How the only Aboriginal man to play for Australia at the World Cup defied growing up in rugby league heartland and being told to ‘stop playing that sissy game’ to become a Socceroos hero
But after being first introduced to soccer by a neighbour as a youngster, the Wiradjuri man was hooked instantly.
Williams ignored calls from close friend – the legendary former St George Dragons halfback Billy Smith – to ‘stop playing that sissy game’ – and it proved to be an astute decision.
John Maynard, the author of the The Aboriginal Soccer Tribe, said Williams taking the field against Chile at the Olympiastadion Berlin was a watershed moment.
Harry Williams was the first Indigenous man to represent Australia at a World Cup in 1974
A talented left back, Williams was renowned for his pace and skill on the ball (pictured, with teammate Manfred Schaefer ahead of the World Cup)
‘Inspiring. Absolutely inspiring,’ he told NITV.
‘As a young Aboriginal kid, he was just fantastic to watch and a really gifted player.
‘Harry was an overlapping left fullback, incredibly skillful and lightning fast.’
When reflecting on the World Cup in West Germany, Williams felt the Socceroos held their own.
‘We fared pretty well given we were only part-time players back then. We were semi-professional and we made the World Cup,’ he said.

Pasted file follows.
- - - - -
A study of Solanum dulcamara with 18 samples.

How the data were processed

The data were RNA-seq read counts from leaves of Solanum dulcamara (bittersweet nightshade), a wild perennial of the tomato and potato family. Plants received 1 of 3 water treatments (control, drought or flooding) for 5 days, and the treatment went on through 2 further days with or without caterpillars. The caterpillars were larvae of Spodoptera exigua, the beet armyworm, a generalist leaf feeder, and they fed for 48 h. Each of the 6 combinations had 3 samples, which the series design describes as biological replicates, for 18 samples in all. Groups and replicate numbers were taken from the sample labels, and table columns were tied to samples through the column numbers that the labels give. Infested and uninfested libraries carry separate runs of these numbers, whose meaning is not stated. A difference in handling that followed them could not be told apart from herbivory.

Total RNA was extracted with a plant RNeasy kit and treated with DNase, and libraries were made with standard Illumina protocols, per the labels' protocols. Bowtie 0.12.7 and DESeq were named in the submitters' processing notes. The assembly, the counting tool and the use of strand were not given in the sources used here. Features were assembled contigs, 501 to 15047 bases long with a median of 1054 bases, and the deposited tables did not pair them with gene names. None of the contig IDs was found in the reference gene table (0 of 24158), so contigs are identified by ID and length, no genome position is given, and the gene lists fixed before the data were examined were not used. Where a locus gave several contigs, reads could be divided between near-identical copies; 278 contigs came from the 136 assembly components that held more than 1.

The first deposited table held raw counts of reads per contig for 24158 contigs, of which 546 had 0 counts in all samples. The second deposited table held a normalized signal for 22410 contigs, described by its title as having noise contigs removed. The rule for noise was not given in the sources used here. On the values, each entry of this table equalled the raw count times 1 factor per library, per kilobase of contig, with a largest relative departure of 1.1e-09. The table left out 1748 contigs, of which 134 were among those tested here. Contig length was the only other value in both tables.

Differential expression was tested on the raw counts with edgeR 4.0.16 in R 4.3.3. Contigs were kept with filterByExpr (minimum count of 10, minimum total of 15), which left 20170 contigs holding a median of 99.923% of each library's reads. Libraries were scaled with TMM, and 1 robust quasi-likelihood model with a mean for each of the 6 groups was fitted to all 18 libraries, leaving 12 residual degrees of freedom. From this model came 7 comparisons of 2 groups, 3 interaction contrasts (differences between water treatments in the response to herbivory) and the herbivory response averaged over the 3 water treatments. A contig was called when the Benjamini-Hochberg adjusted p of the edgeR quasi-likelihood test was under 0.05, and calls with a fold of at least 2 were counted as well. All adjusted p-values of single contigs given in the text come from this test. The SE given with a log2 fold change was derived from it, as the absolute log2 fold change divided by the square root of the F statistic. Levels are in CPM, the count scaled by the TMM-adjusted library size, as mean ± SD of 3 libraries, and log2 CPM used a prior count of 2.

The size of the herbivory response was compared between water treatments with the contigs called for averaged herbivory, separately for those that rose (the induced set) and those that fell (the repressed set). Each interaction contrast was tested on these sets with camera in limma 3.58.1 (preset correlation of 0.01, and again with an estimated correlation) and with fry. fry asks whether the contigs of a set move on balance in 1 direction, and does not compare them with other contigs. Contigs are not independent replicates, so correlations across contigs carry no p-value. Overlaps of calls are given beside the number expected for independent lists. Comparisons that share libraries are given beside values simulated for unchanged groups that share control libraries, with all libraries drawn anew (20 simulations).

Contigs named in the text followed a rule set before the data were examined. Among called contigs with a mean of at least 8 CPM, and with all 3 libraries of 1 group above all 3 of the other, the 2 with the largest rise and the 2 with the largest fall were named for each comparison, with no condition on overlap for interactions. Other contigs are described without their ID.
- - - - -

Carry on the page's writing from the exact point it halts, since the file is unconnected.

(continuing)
Williams was selected for the national side after just six first grade games (pictured with teammates Jimmy Rooney and Jimmy Mackay)
Williams paved the way for other First Nations athletes to represent Australia at the elite level
‘It was a pretty special occasion for all of us. ‘To have that experience to play and rub shoulders with players like [German superstar] Franz Beckenbauer was special.’
Williams also paved the way for other First Nations athletes to represent their nation, notably Jade North, Travis Dodd and Jada Mathyssen-Whyman.
In 2008, North became the first Indigenous Socceroos captain when he took the armband from an injured Harry Kewell in a friendly versus Singapore.
‘Pim Verbeek was the coach at the time…I had just lifted the (A-League) trophy with Newcastle [Jets], so he threw me the armband,’ he recalled.
‘Football brought the best out of me, it taught me to be proud of who I am and what I represent.’